Wargus wrote:1) They assume a brute force attack.
2) They assume computers will not evolve to have the necessary efficiency.
3) they assume standard speed of light computing.
For the first, maybe a brute force attack is the only way to hack this (I'm no expert), however I suspect that if the algorithm is known somebody will work out how to hack it.
PGP releases the source code (complete for versions 2.6.2, 5.0, 5.5.3, 6.0.2, 6.5.1, 6.5.8, 8.x, 9.x, 10.x; and the PGPsdk 2.1.1 for the hotfixed PGP 7.1, which includes all the cryptographic functioning) of its PGP products so that others can freely examine it for backdoors or possible flaws (and anyone finding one would have instant fame in the cryptology community). That said, in terms of "breaking" a cryptographic cipher, a brute-force attack is the only relevant measure of demonstrating resistance to attack.
Wargus wrote:As far as the second 2 items, computers may not be limited to speed of light processing, they are already working on quantum entanglement and are looking towards quantum computers for cracking encryption.
I don't know - I'm by no means an expert. I do believe history is on my side in denouncing the unbreakable, unbeatable anything.
A quantum computer would certainly be a wonderful thing to have, yet the best efforts of even the cleverest boffins working for years has thus far yielded only a few laboratory novelties that are easily outperformed by any PC. It's debateable that a useful device, with sufficient qubits to use Shor's algorithm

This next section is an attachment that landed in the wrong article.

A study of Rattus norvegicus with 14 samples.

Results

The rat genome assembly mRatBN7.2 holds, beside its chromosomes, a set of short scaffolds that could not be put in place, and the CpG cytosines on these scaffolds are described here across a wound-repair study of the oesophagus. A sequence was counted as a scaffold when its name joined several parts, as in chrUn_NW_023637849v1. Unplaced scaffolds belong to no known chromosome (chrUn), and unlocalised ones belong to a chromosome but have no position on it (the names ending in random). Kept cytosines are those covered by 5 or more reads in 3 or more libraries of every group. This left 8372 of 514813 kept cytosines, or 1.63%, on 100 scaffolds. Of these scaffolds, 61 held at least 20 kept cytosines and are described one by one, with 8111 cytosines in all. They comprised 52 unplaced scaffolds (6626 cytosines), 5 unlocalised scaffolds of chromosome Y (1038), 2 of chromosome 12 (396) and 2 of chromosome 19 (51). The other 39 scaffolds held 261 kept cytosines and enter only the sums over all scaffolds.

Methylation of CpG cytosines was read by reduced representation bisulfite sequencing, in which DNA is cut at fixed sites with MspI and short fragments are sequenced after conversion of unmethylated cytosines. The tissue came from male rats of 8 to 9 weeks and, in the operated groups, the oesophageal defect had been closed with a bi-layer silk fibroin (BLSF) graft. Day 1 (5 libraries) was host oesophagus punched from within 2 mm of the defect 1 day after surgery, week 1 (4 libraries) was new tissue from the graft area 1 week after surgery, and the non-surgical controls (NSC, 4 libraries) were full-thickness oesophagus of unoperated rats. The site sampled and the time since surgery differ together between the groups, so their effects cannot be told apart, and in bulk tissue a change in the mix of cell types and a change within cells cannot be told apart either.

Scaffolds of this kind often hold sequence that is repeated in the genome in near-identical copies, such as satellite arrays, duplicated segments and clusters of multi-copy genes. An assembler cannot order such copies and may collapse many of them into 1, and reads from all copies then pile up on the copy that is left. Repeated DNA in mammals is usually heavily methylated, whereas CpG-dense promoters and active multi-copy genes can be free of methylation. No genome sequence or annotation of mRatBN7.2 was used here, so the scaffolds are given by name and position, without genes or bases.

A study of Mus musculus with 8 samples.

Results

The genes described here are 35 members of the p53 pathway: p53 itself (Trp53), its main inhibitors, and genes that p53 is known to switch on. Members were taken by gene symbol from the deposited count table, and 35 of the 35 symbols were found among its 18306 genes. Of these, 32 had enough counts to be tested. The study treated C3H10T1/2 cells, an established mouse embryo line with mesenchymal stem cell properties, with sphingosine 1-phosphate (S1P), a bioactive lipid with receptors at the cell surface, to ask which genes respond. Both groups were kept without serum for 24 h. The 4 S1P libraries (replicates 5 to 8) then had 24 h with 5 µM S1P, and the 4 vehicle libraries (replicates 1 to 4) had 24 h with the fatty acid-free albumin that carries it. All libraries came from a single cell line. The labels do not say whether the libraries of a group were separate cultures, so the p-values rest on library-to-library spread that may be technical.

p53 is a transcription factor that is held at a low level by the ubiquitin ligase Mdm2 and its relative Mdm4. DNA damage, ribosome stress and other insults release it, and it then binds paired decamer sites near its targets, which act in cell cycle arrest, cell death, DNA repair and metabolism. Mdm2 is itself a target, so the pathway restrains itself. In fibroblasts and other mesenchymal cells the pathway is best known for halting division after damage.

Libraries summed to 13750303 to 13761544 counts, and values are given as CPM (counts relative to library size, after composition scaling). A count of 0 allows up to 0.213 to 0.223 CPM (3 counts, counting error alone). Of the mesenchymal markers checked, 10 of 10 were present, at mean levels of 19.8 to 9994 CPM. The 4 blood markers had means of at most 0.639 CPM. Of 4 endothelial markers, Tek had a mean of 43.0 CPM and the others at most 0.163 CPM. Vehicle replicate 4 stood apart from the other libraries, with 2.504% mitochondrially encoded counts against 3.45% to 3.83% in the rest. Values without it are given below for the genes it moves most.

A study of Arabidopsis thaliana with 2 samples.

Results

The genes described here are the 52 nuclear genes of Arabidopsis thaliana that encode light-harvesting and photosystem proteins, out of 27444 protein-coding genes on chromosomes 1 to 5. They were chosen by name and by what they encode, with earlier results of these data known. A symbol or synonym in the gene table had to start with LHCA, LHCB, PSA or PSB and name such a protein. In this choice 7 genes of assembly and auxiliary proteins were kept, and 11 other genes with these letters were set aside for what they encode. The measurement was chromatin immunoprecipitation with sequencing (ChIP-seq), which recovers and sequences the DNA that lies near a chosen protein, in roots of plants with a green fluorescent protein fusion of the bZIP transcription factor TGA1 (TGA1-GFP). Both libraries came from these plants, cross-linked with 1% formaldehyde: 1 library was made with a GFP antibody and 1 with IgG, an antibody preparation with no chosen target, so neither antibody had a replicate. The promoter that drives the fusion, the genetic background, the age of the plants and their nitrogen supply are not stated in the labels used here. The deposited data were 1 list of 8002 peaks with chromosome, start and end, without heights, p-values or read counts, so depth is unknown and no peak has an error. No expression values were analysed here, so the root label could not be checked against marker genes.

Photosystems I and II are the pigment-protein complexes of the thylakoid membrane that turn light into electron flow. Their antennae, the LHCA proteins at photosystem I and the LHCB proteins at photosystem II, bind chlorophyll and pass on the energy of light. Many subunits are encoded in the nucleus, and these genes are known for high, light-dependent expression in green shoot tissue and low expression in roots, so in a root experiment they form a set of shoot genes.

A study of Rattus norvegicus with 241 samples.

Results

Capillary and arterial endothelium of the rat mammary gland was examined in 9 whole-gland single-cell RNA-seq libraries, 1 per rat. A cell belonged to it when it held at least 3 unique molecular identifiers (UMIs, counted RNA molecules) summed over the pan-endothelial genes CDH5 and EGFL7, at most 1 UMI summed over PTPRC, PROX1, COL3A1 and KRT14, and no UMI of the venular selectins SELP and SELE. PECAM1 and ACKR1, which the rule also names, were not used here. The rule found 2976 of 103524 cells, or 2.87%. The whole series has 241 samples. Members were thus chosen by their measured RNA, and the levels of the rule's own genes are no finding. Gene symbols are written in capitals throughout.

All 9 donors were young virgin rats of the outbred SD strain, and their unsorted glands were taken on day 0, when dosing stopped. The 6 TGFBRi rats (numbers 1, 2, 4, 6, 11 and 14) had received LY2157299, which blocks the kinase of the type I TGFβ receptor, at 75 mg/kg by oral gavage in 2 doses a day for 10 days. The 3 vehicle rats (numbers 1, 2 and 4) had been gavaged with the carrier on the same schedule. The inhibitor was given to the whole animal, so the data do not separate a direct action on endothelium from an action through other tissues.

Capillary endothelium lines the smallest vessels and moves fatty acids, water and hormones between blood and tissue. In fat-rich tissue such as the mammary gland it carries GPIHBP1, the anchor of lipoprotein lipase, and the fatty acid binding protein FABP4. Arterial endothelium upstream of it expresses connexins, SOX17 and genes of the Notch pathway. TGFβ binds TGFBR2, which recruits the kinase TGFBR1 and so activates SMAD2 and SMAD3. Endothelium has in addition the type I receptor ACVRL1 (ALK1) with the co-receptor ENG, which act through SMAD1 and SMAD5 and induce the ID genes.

to break public-key cryptography schemes, will ever
be built, much less in the next 5 years (e.g. the D-Wave "quantum computer" recently purchased by Lockheed Martin seems more snake oil, than true quantum computer
Theoretical quantum computers aside, the speed of a computer is limited by the speed of light; it takes a finite amount of time for a signal to travel the subatomic distance from the nucleus of a hydrogen atom (the smallest) to its electron. Here's how Jon Callas, the CTO and co-founder of PGP corporation, once put it
Modern cryptographic systems are essentially unbreakable, particularly if an adversary is restricted to intercepts. We have argued for, designed, and built systems with 128 bits of security precisely because they are essentially unbreakable. It is very easy to underestimate the power of exponentials. 2^128 is a very big number. Burt Kaliski first came up with this characterization, and if he had a nickel for every time I tell it, he could buy a latte or three.
Imagine a computer that is the size of a grain of sand that can test keys against some encrypted data. Also imagine that it can test a key in the amount of time it takes light to cross it. Then consider a cluster of these computers, so many that if you covered the earth with them, they would cover the whole planet to the height of 1 meter. The cluster of computers would crack a 128-bit key on average in 1,000 years.
If you want to brute-force a key, it literally takes a planet-ful of computers. And of course, there are always 256-bit keys, if you worry about the possibility that government has a spare planet that they want to devote to key-cracking.
The point being, Bitcoin's implementation of PGP is about as close to "unbreakable" as unbreakable gets, cryptographically speaking.